A Norway Maple
from flower to leaf: 5 macros
May 2003


This spring I have begun tracking the growth of several different types of tree buds via macro photos. For some trees, the tracking goes all the way back to January; for others, such as the Norway maple, I began somewhat later. Although tree buds progress very slowly, there is a height of drama within a period of two weeks or so when buds and flowers open and leaves appear.

Also, note the very approximate nature of time. Spring occurs earlier in the south and later in the north, naturally. Perhaps Saddle Rock, Long Island, could be something of an average.

The first photo dates to April 30. The buds at the top of the small Norway maple were beginning to open, whereas those at the bottom remained closed. For the first photo, I used a telephoto lens to capture the merry display.

Norway maple flowers
  Both the second and the third photos were taken on May 4. All the buds were at various stages of development, and I had my choice of which to photograph.

Particularly in the more closed bud, immediately below, there is something prehistoric or uncanny in its shape, as something alien. More likely, it is a lifeform one is unaccustomed to seeing. All is well unless it were to ask, "Take me to your leader."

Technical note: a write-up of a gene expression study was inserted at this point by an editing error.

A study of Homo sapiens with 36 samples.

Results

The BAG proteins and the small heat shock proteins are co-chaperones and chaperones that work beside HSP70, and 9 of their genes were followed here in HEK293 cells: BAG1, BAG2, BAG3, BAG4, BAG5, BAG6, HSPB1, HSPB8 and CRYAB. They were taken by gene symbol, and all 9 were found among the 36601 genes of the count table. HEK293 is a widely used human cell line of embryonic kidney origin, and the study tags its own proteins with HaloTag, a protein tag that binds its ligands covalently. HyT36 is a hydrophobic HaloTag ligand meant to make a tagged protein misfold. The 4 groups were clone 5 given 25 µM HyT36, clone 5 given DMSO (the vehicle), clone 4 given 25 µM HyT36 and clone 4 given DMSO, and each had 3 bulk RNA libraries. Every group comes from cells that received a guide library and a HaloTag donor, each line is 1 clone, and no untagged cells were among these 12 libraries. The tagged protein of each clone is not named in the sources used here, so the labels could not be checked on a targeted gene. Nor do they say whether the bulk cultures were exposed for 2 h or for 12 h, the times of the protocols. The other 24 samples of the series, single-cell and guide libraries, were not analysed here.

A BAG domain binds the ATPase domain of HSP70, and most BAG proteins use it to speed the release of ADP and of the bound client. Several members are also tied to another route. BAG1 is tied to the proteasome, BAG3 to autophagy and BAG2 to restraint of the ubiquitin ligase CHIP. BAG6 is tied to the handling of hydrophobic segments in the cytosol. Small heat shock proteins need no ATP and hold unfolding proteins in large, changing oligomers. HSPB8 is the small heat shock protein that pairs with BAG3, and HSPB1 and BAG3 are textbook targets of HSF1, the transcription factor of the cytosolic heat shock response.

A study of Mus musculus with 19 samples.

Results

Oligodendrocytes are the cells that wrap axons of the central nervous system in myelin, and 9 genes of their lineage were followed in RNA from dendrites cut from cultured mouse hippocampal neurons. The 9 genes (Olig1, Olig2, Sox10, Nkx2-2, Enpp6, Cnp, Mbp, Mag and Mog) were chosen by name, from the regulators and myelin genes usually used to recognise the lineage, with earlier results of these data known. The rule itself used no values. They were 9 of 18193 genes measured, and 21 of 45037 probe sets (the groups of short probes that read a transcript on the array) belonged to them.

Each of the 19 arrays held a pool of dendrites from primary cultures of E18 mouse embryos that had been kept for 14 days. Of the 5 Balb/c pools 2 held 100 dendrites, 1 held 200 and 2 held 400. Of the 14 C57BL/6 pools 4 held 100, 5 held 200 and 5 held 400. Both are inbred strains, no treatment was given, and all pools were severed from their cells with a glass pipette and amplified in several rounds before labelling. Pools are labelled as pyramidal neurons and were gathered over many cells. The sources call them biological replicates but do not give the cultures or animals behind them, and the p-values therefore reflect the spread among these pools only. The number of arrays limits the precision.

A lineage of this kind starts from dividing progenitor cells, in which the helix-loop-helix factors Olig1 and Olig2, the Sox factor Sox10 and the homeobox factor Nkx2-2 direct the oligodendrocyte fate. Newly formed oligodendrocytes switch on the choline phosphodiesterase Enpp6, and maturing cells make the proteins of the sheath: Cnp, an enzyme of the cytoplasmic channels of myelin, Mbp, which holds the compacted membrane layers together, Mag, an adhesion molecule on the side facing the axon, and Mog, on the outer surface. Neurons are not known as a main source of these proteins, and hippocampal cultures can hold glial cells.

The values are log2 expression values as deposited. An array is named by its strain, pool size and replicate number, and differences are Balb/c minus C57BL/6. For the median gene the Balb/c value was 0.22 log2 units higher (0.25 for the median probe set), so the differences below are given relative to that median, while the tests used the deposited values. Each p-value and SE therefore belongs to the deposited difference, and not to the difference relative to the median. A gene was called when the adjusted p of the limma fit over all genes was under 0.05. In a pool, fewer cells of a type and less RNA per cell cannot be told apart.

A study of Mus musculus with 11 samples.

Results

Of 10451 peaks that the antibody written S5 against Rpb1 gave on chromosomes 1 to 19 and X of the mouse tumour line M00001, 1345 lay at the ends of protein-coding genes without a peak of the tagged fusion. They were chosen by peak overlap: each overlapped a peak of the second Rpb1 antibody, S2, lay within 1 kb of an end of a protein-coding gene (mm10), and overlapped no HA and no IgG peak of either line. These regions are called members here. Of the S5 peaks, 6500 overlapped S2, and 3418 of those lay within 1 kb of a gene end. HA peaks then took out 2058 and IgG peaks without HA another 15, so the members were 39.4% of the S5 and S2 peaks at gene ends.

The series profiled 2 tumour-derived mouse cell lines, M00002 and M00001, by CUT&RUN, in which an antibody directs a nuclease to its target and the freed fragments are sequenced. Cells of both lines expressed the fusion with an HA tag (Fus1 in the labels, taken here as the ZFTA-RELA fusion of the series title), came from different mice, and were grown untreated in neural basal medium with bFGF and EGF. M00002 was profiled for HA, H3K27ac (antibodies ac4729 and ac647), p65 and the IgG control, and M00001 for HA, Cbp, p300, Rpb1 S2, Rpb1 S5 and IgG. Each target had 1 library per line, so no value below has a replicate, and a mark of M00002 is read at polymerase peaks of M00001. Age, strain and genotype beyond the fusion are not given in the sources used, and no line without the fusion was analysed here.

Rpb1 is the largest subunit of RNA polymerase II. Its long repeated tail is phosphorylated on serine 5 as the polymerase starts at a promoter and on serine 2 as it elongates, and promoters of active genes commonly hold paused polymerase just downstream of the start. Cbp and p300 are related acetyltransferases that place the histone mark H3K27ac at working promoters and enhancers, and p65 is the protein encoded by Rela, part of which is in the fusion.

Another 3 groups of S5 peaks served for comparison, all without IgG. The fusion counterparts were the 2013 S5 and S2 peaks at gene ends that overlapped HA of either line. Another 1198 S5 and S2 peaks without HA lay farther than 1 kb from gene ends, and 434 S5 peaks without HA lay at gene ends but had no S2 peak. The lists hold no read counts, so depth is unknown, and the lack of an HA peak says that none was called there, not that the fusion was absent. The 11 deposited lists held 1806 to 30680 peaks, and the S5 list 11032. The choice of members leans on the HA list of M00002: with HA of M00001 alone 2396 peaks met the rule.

Norway maple bud
  The third photo shows the baby leaves beginning to separate from the main bud.
Growing Norway maple bud
  The fourth photo was taken on May 8. Nearly all the leaves of the maple were out and at least partially open. A number of varieties of Norway maple, such as this one, begin with a dark red-purple leaf that turns to green as the summer progresses.
Young Norway maple leaves
  By May 15, all the leaves were fully developed. The brilliant color of the leaf is due to its being backlit by the sun. Toward the right (and admittedly in a blur) is a small Norway maple, with some of its leaves also being backlit and some showing the dark red-purple leaf color.
Backlit Norway maple leaf
  Photo notes: The first four photos were taken with a Pentax LX. The first one was taken with the SMC 400-600mm reflex, a lens with significant macro capabilities, since it can take an image up to half life size. Photos 2 and 3 were taken with the Voigtlander 125mm macro lens, and 4 was taken with the SMC A 200mm macro lens. Photo 5 was taken with a Sony F707 (backlit photos are straightforward with a digital camera).